Figures show that fear of a referendum was 
the dominant factor in the Quebec election

by Jean-François Lisée

12_Pierre-Karl-Pyladeau_facebookWhat lessons can be drawn from the electoral earthquake of April 7? Before we construct political hypotheses, we need to look at the figures (table 1). They are eloquent.

  1. There were only 100,000 more voters than in 2012. It was essentially within the existing electorate that variations occurred.
  2. There are several things to notice in these figures:

There was a move from the PQ to the Liberals among francophones.

  1. The CAQ vote declined relative to 2012. François Legault did not make any progress with the voters.
  2. Québec Solidaire made only modest gains, which can, in theory, be almost entirely explained by a move to QS by people who voted Option Nationale in 2012.
  3. The major fact of the election is thus the shift of the francophone vote, throughout Quebec, from the PQ to the Liberals. An extremely strong signal.

The second major fact is the CAQ’s inability to attract a single new voter. On the contrary, the CAQ lost 17 per cent of its 2012 vote. This reality was masked by the CAQ’s decline before the campaign and then its partial recovery during the campaign. But it signifies that the CAQ, like the PQ, appears to be structurally condemned to a stretch in opposition.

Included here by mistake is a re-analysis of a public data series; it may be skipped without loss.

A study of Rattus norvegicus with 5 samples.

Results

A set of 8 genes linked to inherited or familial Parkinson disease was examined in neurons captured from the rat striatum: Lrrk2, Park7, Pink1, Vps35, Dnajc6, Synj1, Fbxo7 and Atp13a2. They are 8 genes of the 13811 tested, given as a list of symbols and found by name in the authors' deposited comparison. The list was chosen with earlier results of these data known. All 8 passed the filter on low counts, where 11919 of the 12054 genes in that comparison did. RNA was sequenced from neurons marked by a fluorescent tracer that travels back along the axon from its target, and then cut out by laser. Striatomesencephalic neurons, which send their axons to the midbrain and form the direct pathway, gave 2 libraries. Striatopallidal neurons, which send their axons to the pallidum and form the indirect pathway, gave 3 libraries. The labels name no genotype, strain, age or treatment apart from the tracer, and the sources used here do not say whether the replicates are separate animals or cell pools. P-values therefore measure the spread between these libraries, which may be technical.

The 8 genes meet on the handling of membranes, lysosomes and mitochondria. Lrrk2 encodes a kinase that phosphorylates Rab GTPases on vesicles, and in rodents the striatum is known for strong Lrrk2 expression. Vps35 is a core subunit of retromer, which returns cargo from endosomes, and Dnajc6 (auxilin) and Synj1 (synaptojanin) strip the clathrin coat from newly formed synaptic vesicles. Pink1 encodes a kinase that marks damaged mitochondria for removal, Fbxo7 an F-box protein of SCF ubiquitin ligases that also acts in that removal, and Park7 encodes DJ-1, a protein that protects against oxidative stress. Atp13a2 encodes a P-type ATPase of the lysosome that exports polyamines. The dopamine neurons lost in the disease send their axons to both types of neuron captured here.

The third major fact is the absence of a shift from the PQ to Québec Solidaire, despite the arrival of Pierre Karl Péladeau. There was no hemorrhage of left-wing Péquistes. This reality was masked by QS’s gain of one seat (for a total of three), won narrowly in east-end Montreal. 


Jean-Francois Lisee
Jean-François Lisée is executive director of the Centre d’Études et de Recherches Internationales de l’Université de Montréal (CÉRIUM).